I make sure to dress in layers for warmth: wool socks in neoprene boots; thermal long johns and non-holey (but oh so holy) blue jeans; a t-shirt, a sweatshirt, and finally my frayed and wool-lined barn jacket. I grab a wool hat and gloves along with a tote bag holding a bottle of water, a Cliff bar, an apple, my driver's license and cellphone.
|yes, it IS cold outside!|
Tuesdays are my day to volunteer at HETRA: Heartland Equine Therapeutic Riding Academy. I help out on Thursdays as well with stall cleaning and turning out horses, but Tuesdays I am a sidewalker for therapy sessions. The mission of HETRA is "to improve the quality of life both physically and emotionally of adults and children with disabilities through equine assisted activities."
In my year of volunteering I have seen students arrive in wheelchairs and after months of intensive physical therapy, including the therapeutic riding sessions, they come to session using a walker. In the beginning, many will require the full physical support of two sidewalkers (a volunteer on each side of the horse assisting the rider) to stay in the saddle but as they grow stronger they advance to less support. They are able to ride with minimal assistance and often are controlling the horse. It is an exciting moment to watch people who perhaps cannot communicate verbally still speak to their horse. Normally dependent upon others, in that moment the rider and the horse are a team.
Several of the students I have assisted are living here from out of state. They are in town for intensive rehab therapy for spine or brain injuries, often staying months away from their families and the support of their local communities. As a mother, it is humbling to watch the parents who drop everything to rally around their child. The love, optimism and determination of both the student and their family members to do whatever it takes to foster healing, independence and strength brings me to my knees every week.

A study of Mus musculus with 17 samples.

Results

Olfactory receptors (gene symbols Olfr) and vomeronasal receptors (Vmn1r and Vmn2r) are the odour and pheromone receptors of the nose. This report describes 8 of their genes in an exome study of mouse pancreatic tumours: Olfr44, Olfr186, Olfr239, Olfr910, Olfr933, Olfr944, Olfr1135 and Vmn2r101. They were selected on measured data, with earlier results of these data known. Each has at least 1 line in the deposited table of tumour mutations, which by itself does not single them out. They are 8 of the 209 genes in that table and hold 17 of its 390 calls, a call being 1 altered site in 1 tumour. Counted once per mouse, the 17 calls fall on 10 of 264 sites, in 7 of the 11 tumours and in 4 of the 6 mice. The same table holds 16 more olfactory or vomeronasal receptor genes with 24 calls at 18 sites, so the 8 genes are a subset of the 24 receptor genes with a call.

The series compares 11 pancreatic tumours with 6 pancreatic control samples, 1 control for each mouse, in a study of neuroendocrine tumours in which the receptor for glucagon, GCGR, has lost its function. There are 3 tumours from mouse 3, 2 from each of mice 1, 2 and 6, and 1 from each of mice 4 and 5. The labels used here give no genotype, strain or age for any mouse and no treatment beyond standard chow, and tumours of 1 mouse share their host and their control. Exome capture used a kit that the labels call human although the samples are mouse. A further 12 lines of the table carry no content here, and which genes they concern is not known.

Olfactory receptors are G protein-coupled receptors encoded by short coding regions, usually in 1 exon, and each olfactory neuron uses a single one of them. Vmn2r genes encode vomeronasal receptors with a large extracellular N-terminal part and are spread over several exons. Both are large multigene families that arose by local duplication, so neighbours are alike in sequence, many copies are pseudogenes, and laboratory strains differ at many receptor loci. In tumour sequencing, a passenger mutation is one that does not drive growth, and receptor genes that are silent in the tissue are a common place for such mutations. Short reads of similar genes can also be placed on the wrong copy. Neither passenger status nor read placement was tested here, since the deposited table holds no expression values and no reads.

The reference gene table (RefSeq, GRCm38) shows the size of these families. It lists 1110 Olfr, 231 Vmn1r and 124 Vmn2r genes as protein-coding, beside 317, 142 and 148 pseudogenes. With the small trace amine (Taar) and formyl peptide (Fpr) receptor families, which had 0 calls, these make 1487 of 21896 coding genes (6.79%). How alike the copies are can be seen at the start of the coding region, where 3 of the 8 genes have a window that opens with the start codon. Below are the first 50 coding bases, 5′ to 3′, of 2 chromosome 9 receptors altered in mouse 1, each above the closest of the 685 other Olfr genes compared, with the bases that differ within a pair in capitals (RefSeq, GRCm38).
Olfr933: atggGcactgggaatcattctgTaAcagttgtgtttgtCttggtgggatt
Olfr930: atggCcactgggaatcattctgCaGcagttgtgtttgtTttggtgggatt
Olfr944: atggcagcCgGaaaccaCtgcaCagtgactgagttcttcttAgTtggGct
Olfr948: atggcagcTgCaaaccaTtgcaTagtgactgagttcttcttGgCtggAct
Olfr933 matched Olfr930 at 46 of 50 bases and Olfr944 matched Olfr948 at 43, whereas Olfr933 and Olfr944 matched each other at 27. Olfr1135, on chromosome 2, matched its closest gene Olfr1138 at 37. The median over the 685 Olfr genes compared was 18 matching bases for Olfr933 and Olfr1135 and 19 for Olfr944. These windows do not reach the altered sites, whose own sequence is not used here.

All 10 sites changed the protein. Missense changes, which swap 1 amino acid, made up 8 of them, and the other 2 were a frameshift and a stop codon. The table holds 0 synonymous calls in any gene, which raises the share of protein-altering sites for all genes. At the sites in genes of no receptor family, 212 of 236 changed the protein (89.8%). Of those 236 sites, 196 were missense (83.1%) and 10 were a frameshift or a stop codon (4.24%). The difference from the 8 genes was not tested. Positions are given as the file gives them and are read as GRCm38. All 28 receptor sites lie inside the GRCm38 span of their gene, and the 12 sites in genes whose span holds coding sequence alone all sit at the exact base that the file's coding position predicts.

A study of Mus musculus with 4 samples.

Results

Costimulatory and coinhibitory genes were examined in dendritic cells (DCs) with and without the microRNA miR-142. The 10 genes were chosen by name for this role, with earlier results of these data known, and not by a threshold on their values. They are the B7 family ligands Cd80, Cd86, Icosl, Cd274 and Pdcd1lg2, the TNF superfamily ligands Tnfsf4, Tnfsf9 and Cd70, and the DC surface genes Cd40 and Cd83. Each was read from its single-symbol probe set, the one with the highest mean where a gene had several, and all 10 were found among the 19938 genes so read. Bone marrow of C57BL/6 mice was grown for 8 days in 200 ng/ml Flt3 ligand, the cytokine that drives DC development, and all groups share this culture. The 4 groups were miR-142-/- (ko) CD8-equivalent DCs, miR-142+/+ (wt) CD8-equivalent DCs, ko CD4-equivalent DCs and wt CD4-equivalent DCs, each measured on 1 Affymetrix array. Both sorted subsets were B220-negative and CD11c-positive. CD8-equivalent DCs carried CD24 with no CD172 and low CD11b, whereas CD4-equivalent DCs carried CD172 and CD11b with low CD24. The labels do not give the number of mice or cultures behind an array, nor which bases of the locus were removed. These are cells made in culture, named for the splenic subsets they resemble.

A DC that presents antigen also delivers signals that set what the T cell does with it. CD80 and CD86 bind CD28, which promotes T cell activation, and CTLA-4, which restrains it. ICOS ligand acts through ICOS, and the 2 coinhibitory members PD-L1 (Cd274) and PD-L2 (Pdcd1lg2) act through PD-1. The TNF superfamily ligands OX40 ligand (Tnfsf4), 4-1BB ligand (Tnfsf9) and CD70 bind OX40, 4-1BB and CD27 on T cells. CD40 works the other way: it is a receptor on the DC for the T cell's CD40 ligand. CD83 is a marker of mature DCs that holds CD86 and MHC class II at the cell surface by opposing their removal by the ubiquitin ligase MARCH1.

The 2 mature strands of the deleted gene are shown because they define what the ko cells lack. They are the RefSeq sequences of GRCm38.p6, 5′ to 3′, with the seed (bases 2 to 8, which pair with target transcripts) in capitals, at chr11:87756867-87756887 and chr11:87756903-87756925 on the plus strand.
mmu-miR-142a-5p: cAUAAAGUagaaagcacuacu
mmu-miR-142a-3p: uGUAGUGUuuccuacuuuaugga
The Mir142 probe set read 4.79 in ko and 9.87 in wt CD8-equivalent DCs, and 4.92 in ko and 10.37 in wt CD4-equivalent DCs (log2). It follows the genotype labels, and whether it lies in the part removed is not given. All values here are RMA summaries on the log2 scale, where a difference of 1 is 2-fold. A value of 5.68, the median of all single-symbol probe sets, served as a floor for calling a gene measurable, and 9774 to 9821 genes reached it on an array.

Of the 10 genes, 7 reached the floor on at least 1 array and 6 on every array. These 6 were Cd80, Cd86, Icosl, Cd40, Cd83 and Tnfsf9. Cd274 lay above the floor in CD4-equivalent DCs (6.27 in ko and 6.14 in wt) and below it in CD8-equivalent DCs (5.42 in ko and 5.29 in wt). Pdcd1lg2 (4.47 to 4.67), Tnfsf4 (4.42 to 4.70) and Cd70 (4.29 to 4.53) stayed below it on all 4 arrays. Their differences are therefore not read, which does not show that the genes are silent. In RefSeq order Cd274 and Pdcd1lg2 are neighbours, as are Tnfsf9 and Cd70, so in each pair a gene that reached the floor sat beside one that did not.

Over twenty years ago, I broke my neck and was confined to a halo brace for three months. At the time I was aware that my physical limitations would be short-lived, yet more daunting than the screws in my head were the dark emotions I battled every day. The strength of spirit and emotional fortitude I see in the students and their families has been a continual source of inspiration for me, especially as I worked through grieving of death of my mother.
Each week I arrive to volunteer, but I bring home far more than I offer. Love and generosity of spirit abound in the barn, spilling forth from all who participate. Each rider has a team of supporters, many volunteers. There is the person leading the horse, the therapist conducting the lesson, two sidewalkers and the horse.
|Star, a 21 year old palomino and mascot for HeartFull Living 2016|
Oh, the horses. After the student, they are the stars of the show. Incredibly well-trained they are equally patient and gentle. Surrounded by a huddle of people and carrying an often unbalanced rider, they focus upon their task. They can be goof-balls and chow hounds out in their pens, but in the arena they do their job. You can see they know they are doing important work and that they enjoy it.
|Leroy, an 11 year old Belgium/Haflinger "Mister Blue Eyes"|
As I prepare to dive into the conversation that is my HeartFull Living offering, it is this experience that fuels me. It is for the benefit of the horses that I dedicate the fruits of HeartFull Living (all monies are being donated to the care of the Hetra horses). The horses model Love in action as they support the students in their healing work. These horses have supported me in the journey of remembering myself Whole, Loved and in Love. They continually bring me back to the fire of Love I knew as a young child for horses and all that they represent: freedom, connection, individual power, and strength united with grace.
HeartFull Living begins February 14. I hope you will consider joining me in what always turns out to be a magical, juicy, rich conversation on the ways we support and spread Love and Loving throughout our world.